Mammillarias make up the largest part of my potted cacti collection, and this Bird’s Nest Cactus, (Mammillaria decipiens ssp camptotricha) is one of the 21 Mammillaria species I currently have potted. I like its long, flexible white spines, which become denser in strong sunlight. It is currently flowering, and the tiny white flowers will barely poke through the spines when completely opened.
Most of my potted Mammillarias are exposed to full sun about eight months of the year, but I do move them into an afternoon shade location in late May through early September. I do that because some of the pots get super-heated in direct sun and I don’t want to chance cooked roots or have them permanently scarred from sunburn. I also have about seven more species of Mammillaria planted in my garden, and all are exposed to full sun. They are doing fine.
The one critical thing in caring for Mammillarias (or all cacti for that matter) is careful attention to watering in the winter when cacti are subject to rot from too much water. Many cacti don’t require any water when they are in a dormant period, which could be either summer or winter, depending on the genus or extremes in temperature.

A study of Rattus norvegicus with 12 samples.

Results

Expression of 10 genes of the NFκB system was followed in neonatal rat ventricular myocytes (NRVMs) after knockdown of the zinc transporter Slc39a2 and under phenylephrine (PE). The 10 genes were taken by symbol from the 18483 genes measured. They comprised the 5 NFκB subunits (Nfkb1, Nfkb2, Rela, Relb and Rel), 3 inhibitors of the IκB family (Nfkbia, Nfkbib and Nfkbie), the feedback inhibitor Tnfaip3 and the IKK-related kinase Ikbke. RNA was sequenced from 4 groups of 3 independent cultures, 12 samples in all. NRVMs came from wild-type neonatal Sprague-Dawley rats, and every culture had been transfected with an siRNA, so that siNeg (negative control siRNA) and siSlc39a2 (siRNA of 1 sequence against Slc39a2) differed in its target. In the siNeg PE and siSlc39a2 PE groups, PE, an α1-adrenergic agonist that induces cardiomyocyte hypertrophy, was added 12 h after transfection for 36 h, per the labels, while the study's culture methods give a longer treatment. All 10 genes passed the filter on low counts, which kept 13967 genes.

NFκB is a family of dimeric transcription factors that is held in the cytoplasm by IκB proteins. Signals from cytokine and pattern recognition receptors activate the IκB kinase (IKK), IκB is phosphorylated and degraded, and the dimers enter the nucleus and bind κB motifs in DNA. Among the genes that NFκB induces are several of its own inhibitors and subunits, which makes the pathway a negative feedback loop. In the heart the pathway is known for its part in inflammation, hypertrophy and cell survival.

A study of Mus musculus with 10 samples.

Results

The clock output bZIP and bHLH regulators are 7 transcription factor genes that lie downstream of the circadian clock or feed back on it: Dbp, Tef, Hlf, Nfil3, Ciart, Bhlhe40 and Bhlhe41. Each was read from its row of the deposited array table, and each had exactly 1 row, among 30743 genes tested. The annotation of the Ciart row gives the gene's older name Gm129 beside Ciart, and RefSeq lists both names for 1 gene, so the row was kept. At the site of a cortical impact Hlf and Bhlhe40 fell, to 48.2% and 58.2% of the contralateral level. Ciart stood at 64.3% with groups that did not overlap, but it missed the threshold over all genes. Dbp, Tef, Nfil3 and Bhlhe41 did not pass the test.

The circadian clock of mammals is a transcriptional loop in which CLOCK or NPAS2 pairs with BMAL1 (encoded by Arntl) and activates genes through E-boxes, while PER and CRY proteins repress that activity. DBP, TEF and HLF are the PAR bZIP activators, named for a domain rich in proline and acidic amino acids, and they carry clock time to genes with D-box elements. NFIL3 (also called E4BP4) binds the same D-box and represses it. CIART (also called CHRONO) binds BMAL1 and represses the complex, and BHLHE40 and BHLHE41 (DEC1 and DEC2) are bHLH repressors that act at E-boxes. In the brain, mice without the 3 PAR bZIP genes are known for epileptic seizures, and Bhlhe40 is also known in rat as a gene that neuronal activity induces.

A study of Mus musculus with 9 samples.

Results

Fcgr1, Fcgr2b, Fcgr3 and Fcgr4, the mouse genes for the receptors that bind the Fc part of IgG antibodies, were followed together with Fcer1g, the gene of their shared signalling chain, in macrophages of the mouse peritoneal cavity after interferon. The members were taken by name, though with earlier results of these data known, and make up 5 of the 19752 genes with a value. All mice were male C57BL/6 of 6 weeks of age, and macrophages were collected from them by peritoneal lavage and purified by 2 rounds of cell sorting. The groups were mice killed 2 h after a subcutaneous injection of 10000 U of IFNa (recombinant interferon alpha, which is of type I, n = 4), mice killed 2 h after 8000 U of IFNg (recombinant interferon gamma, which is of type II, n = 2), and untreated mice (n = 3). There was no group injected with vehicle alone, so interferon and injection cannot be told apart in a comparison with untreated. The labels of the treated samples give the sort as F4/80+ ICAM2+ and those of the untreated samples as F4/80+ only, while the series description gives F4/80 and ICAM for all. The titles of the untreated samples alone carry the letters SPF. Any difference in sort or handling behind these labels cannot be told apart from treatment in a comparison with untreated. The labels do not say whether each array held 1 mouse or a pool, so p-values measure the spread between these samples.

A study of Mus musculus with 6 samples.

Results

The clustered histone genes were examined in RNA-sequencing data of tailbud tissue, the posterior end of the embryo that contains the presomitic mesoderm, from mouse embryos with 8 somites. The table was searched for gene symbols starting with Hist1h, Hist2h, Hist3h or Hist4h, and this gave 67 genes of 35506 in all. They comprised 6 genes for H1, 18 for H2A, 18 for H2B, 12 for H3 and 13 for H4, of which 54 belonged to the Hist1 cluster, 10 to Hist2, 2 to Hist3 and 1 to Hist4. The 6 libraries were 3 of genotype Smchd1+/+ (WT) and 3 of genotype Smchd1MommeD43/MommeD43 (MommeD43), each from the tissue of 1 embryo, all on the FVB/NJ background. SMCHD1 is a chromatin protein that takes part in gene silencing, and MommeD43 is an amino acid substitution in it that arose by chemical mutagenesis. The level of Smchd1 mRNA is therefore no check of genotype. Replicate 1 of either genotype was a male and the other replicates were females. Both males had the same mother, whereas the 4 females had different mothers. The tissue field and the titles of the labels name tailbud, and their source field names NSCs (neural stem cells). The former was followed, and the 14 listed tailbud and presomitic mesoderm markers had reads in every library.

All the Mammillaria species I have so far are easy to find because they are the easiest to grow, and that's what the nurseries stock. I always keep my eye out for something rarer when I’m in a cactus nursery, or even on line. If I wanted to collect them all, I would have to start my own nursery as there are between 200 to 300 species in this genus, although many are not commercially available.
One would think that Arizona nurseries would carry more species since most of the genus is native to the Southwest and Mexico, but that’s not the case. As a cactus lover, I think my expectations are unrealistic. I’m not sure the average person looking for a cactus specimen much cares about the genus, species, subspecies, and etcetera. I think they are mostly interested in whether the cactus is easy to care for and what color the flower will be.